The Home Office Right to Work Checking Service was launched in April 2018. It is free to use and enables UK employers to check the current right to work of a person and to see whether they are subject to any restrictions.

The system works on the basis of the individual first viewing their own Home Office right to work record online. They may then share this information with an employer if they wish, by providing their employer with a “share code” to access the record. However, currently, employers still need to request paper documents alongside using the online service.

On 13 December, legislation was laid before Parliament together with a revised Code of practice on preventing illegal working.  The Order provides that employers will be able to rely solely on an online check from 28 January 2019, where a prospective employee has an immigration status that can be checked using the service.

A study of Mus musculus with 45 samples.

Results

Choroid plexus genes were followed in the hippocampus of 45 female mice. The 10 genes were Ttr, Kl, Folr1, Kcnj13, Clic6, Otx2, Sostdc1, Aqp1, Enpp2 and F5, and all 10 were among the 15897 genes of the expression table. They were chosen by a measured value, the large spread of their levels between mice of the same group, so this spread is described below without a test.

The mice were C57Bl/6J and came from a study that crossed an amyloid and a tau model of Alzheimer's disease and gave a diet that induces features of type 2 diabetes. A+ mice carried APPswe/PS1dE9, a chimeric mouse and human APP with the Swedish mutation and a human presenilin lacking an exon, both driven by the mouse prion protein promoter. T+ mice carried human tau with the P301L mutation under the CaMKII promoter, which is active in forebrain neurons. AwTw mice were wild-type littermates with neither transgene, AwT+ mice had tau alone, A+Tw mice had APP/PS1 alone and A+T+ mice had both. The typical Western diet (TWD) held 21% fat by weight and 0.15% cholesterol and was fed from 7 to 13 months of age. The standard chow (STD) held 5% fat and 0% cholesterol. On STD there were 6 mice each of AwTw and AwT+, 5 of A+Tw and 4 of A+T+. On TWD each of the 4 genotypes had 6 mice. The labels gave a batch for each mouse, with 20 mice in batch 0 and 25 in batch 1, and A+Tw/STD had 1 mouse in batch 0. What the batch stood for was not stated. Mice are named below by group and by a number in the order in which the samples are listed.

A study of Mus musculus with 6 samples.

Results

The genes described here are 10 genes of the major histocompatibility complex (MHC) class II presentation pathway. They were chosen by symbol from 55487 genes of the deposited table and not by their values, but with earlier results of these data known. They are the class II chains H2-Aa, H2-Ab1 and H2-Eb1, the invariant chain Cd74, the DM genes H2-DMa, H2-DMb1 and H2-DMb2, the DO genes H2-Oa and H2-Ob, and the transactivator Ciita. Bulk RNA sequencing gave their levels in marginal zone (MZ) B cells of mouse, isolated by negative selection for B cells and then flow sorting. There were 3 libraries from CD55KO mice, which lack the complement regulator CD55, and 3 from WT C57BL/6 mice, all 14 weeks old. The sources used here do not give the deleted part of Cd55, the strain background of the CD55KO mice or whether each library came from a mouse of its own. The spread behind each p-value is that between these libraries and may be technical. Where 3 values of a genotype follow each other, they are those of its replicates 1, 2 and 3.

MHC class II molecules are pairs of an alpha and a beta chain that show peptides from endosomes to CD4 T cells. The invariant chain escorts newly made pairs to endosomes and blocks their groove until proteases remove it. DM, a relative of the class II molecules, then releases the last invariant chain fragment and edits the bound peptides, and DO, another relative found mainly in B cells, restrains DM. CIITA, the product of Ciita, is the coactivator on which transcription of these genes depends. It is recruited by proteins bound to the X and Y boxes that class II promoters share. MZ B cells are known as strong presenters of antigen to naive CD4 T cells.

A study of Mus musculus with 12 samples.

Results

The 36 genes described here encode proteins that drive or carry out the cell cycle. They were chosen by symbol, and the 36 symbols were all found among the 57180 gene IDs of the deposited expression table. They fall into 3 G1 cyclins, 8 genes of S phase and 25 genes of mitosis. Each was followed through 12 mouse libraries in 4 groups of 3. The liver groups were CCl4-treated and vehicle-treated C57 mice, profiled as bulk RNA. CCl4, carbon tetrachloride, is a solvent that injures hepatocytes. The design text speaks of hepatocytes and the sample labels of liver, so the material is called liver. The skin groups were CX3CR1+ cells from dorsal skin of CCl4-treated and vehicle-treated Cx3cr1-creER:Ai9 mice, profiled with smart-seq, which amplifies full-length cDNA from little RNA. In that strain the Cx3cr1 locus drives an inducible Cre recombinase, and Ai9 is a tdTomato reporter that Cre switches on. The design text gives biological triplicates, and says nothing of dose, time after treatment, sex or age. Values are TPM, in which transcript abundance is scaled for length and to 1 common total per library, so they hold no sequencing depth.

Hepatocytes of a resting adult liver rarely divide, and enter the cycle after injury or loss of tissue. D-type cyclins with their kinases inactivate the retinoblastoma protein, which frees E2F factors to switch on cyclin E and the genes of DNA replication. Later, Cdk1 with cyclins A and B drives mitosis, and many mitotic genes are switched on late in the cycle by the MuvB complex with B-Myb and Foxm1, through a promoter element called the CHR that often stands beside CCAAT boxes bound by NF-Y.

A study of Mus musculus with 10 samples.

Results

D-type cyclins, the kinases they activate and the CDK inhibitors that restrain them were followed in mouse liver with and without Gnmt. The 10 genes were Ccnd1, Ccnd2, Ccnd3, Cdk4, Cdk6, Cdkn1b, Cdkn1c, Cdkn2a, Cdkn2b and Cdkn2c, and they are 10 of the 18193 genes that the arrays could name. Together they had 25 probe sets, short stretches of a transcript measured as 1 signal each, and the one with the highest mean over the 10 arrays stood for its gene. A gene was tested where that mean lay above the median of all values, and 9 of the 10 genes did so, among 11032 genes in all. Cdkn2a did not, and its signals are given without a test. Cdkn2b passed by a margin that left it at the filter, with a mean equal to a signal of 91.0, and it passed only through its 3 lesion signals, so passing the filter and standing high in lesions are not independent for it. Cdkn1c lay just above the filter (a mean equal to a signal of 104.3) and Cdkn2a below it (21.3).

The online checking service can be used by non-EEA nationals who hold biometric residence permits or biometric residence cards and EEA nationals who have been granted immigration status under the EU Settlement Scheme. EEA nationals who have not been granted status under the EU Settlement Scheme will still need to demonstrate their right to work using the appropriate documents.

An employer using the online service will be excused from a civil penalty if:

  • The online check confirms that the employee is allowed to work in the UK and perform the work in question.
  • It satisfies itself that any photograph on the online right to work check is of the employee.
  • It retains a copy of the online check for at least two years after the employment ends.
  • It obtains and retains details of the term and vacation dates of the person’s course of study, if they are a student.

Employers will be able to request either the online check or the existing document-based check whilst migrants and employers develop familiarity with the new service.

From 28 January 2019, employers can also accept short-form birth and adoption certificates together with a National Insurance number when conducting right to work checks, making it easier for British citizens who do not hold a passport to demonstrate their right to work.